Strossen, Nadine M.(redirected from Nadine M. Strossen)
Strossen, Nadine M.
Nadine M. Strossen is a lawyer and law professor who, in 1991, became the first woman president of the American Civil Liberties Union (ACLU).
Born August 18, 1950, in Jersey City, New Jersey, Strossen moved with her family to Hopkins, Minnesota, at the age of eight. When she was growing up, she expected to pursue a traditional career, perhaps as a teacher. As an outstanding member of her high school debate team, she was impressed with her teammates' analytical skills and encouraged the boys among them to pursue a legal career. She did not envision a similar path until she became involved in debate and took an interest in feminist causes while at Radcliffe College. After graduating from Radcliffe, she attended Harvard Law School, where she was editor of the law review, and graduated from Harvard magna cum laude in 1975.
After law school, Strossen was awarded a judicial clerkship at the Minnesota Supreme Court, then practiced law in several law firms. In 1984, she left private practice and began teaching at the School of Law of New York University. She joined the faculty at New York Law School in 1988, specializing in Constitutional Law, federal courts, and Human Rights.
Strossen has been a member of the ACLU since 1985, having served on the organization's executive committee and as its general counsel. The ACLU has adopted controversial, unpopular positions on issues ranging from free speech and Abortion rights to the rights of accused persons. Strossen has used steady, unrelenting persuasion, rather than confrontation, to educate others about the importance of safeguarding the individual liberties that are the heart of the U.S. Constitution.
In the late 1980s and into the 1990s, Strossen and the ACLU found themselves in an ironic and seemingly contradictory position when new ideas about multiculturalism began to take root on college campuses. Proponents of these ideas seemed to espouse goals in common with the ACLU: protecting minority groups from discrimination, bias, hatred, or exclusion. However, in an effort to rid institutions of hatred and harassment, some academic groups adopted speech codes that banned the use of certain words or symbols they considered hateful, demeaning, violent, or merely inconsiderate. Such words were sometimes called "politically incorrect," or not "PC." Strossen and the ACLU vehemently opposed these codes because they, they argued, such codes violate the First Amendment and discourage discussion of important but inflammatory subjects such as race and gender.
Strossen believes that the free and open exchange of ideas, even ideas that may be repugnant, is essential in a free society, and may actually defuse the hatred and bigotry that underlie racist or sexist expressions. However, Strossen maintains that laws imposing enhanced penalties for crimes motivated by bias or hatred differ from speech codes and are constitutional.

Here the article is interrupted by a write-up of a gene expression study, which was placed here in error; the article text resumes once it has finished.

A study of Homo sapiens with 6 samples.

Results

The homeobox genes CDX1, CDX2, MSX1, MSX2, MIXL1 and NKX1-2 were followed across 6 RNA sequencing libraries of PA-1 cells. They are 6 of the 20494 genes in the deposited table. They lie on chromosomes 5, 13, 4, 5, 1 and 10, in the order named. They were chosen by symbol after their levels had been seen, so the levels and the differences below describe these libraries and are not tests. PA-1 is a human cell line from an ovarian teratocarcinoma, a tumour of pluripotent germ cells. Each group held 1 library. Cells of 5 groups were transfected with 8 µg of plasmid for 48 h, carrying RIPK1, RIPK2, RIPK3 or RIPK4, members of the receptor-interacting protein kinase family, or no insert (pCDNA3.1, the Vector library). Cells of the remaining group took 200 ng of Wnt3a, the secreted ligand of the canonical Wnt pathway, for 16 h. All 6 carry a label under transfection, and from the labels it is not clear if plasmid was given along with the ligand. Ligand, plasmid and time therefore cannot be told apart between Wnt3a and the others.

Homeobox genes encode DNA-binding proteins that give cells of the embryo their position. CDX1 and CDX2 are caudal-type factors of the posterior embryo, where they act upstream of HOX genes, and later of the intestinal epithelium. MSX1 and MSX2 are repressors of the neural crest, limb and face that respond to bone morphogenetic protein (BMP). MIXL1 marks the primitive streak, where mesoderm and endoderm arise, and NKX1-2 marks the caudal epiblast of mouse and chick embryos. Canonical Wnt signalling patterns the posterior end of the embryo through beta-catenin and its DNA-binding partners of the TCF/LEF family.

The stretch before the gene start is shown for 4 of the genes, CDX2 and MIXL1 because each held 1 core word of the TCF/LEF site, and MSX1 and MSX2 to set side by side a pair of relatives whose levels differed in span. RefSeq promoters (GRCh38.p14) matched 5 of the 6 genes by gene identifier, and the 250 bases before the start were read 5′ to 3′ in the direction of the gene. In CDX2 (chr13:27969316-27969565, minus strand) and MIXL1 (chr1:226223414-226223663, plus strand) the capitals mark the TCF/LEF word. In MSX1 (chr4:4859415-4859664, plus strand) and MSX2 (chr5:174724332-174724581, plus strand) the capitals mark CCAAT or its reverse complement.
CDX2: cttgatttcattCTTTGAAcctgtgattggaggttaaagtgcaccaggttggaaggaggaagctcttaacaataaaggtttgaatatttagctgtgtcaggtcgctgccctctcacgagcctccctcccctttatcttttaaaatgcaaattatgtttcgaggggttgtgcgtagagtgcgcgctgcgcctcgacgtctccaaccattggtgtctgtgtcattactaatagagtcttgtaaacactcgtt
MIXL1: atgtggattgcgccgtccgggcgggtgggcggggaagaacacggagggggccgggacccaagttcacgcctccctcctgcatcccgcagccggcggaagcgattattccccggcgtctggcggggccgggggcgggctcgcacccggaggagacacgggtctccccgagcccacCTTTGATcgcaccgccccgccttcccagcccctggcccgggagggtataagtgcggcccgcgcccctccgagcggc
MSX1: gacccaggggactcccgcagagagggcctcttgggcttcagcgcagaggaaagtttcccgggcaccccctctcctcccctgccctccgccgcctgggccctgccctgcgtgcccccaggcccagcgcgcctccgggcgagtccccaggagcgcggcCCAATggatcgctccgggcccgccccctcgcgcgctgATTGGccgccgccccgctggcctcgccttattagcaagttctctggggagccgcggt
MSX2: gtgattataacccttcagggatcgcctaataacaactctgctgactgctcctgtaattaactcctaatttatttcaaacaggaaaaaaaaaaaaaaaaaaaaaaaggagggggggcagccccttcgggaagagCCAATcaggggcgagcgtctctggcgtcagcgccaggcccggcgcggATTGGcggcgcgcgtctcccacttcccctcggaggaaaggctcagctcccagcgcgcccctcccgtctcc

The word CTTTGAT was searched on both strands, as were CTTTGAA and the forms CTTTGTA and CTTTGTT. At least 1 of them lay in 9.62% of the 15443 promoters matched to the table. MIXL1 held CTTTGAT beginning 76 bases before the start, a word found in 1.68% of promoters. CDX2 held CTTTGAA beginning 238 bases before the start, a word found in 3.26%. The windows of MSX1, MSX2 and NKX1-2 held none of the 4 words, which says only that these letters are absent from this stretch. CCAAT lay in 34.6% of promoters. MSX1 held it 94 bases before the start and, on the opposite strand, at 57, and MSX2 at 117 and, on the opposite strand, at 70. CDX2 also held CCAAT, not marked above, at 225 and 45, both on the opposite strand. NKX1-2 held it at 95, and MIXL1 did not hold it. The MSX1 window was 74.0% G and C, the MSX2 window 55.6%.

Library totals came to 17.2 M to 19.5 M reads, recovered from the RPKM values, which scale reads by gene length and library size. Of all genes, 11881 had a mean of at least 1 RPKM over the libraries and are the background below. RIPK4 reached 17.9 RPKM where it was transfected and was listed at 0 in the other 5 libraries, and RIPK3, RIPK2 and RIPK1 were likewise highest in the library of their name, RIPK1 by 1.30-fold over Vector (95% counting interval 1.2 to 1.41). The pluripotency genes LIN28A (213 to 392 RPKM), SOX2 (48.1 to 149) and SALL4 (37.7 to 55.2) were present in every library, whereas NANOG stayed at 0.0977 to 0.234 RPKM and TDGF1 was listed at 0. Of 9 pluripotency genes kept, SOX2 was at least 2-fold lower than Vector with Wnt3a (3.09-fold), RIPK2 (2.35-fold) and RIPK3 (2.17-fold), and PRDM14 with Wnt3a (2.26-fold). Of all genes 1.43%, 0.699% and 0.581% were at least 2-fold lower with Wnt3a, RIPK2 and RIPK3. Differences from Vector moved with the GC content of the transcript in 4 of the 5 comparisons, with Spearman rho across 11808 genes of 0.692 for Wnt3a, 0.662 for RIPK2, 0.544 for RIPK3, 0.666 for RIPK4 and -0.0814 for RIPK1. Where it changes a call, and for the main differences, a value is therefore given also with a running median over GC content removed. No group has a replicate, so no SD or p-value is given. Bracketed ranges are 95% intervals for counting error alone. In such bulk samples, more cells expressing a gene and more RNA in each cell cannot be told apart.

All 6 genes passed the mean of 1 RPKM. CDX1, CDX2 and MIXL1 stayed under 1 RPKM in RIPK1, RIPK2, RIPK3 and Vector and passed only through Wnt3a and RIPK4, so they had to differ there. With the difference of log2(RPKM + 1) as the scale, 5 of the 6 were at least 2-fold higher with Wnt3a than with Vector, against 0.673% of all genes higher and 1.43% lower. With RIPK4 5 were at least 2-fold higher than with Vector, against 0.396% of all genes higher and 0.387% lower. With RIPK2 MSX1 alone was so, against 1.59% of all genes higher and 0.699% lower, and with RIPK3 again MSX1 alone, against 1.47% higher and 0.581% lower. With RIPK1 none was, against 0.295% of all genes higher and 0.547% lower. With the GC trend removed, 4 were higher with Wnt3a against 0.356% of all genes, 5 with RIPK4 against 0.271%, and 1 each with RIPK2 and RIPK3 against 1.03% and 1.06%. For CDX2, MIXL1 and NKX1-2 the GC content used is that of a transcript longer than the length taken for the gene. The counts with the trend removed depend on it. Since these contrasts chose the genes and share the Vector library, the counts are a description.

Similar to the controversy over speech codes is the debate over whether sexually explicit material can be constitutionally banned. During the 1980s, a group of feminists, led by Andrea Dworkin and catharine a. mackinnon, began a movement to outlaw all sexually explicit materials on the ground that they condone conduct that is violent, dangerous, and degrading to women. Strossen and the ACLU argue that such materials are speech rather than conduct, and that even if most U.S. citizens find them offensive, their publication and dissemination are protected by the U.S. Constitution.
Strossen contends that a prohibition on all sexually explicit material is a simplistic solution that only serves to drive the perpetrators underground. She says that Censorship does not solve the underlying problems of violence and discrimination and may ultimately be used as a means of oppressing the very groups it is intended to protect.
Strossen is committed to defending free speech whenever it is threatened, even if she disagrees with the individual or group being targeted. For example, she is opposed to Supreme Court decisions that limit the activities of antiabortion protesters, even though the ACLU has always defended a woman's right to reproductive freedom. Strossen believes that penalties imposed on antiabortion activists infringe on the activists' exercise of free speech.
In addition to working with the ACLU, Strossen has served on the boards of the Fund for Free Expression, the National Coalition against Censorship, the Coalition to Free Soviet Jews, Middle East Watch, Asia Watch, and Human Rights Watch. She is a frequent lecturer on college campuses through the United States and abroad; and serves as political commentator on a variety of national news programs. Strossen also has written extensively in the areas of constitutional law, civil liberties, and international human rights. In 2000, New York University Press republished her 1995 book Defending Pornography: Free Speech, Sex, and the Fight for Women's Rights with a new introduction by the author.
In the 2000s, Strossen continued to write and comment extensively on constitutional issues while teaching at New York Law School and functioning as president of the ACLU.
Strossen, Nadine M. 2000. Defending Pornography: Free Speech, Sex, and the Fight for Women's Rights New York: New York Univ. Press.
Walker, Samuel. 1999. In Defense of American Liberties: A History of the ACLU. New York: Oxford Univ. Press.